I have some ideas about how much fiber to buy to spin for different projects and really early this morning I wrote a little about it on Facebook in response to a comment on a post on Franklin Habit’s page. Then I went back to sleep for a little while. I had written in my comment that it was a blog post and when I woke up I decided today was as good a day as any.

So, here is my answer almost every time someone asks how much fiber they need for a project. Keep in mind that these are generalizations and your mileage may vary depending on if you spin a dense or light yarn. But it’s always nice to have a starting point. And these amounts are for knitting. Crochet might need a titch more and weaving is often a bit lighter than knitting.

4 ounces for socks, a hat, mittens

6-8 ounces for a scarf and sometimes a vest

12 – 16 ounces for a regular hip length stockinette sweater

24 ounces to 2 pounds for a cabled sweater

When in doubt, well even when not in doubt, always buy an extra couple of ounces for sampling. You want enough extra fiber to be able to spin some yarn to get the thickness right and then enough of that yarn to make a finished fabric swatch. Don’t be scared to make samples. And always keep notes with your samples so that you can recreate that yarn.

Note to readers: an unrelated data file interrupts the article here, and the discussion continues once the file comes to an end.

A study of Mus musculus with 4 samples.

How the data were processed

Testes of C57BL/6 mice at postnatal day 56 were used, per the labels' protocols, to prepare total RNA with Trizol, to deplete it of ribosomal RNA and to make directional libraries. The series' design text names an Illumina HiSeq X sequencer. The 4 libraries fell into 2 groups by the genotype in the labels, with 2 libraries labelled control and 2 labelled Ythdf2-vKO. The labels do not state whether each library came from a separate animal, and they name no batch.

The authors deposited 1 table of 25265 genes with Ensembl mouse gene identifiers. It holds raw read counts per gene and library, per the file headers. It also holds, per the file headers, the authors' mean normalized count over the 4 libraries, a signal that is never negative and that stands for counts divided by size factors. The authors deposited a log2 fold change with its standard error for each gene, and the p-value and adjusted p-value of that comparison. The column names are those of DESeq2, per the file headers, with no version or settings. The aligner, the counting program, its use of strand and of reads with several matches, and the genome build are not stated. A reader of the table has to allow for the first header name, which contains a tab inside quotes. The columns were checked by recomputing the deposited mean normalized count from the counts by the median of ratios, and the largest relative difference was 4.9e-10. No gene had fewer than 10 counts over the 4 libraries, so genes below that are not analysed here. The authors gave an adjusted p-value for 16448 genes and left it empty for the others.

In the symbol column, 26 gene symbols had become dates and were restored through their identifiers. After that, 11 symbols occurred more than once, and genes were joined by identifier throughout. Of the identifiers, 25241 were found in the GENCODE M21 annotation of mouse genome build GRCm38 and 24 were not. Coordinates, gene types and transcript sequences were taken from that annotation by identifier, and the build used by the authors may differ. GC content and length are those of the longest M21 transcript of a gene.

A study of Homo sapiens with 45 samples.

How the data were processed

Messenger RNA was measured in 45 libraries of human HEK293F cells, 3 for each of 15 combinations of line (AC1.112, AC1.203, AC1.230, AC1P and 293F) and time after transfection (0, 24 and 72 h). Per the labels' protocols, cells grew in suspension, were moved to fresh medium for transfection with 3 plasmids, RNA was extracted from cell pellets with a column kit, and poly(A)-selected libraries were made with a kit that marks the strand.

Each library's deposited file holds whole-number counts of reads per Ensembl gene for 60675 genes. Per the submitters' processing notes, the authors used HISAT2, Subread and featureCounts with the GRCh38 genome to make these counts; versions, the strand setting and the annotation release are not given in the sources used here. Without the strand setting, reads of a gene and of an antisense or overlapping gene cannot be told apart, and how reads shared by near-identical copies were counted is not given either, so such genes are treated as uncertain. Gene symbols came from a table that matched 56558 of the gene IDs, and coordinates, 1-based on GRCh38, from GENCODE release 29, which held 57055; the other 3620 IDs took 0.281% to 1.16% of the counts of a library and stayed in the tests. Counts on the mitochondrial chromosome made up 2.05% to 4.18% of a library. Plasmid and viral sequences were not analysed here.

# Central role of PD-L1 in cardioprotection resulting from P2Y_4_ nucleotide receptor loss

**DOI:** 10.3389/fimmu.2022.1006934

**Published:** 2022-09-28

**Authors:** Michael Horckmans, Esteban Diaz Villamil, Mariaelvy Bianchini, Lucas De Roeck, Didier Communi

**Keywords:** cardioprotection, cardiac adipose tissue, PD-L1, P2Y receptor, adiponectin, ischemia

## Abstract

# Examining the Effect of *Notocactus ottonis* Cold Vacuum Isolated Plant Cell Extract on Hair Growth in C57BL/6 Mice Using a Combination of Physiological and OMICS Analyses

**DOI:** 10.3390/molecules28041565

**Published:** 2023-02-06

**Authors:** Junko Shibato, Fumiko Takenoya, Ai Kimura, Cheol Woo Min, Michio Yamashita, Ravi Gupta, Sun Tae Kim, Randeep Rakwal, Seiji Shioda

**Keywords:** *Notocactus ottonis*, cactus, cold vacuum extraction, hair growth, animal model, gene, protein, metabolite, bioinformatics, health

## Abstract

The above sweater is Tappan Zee by Amy King. The top lace part of the sweater was spun from Merino batts blended by Abby Franquemont and the bottom part and sleeves were spun from Corriedale top dyed by Amy King. The entire sweater weighs about 12 ounces.

This sweater is Hiro designed by Julia Farwell Clay. The sweater is spun from Columbia wool roving from Imperial Stock Ranch. I’m having a hard time finding someone who currently sells it. Anyway, the sweater weighs just under a pound.

I wrote a whole book about sampling. Did you know that? It’s called The Spinner’s Book of Fleece. You can get a signed copy from me or get one from your favorite book store. It’s useful even if you never ever want to spin from raw fleece in your whole life. It’s true.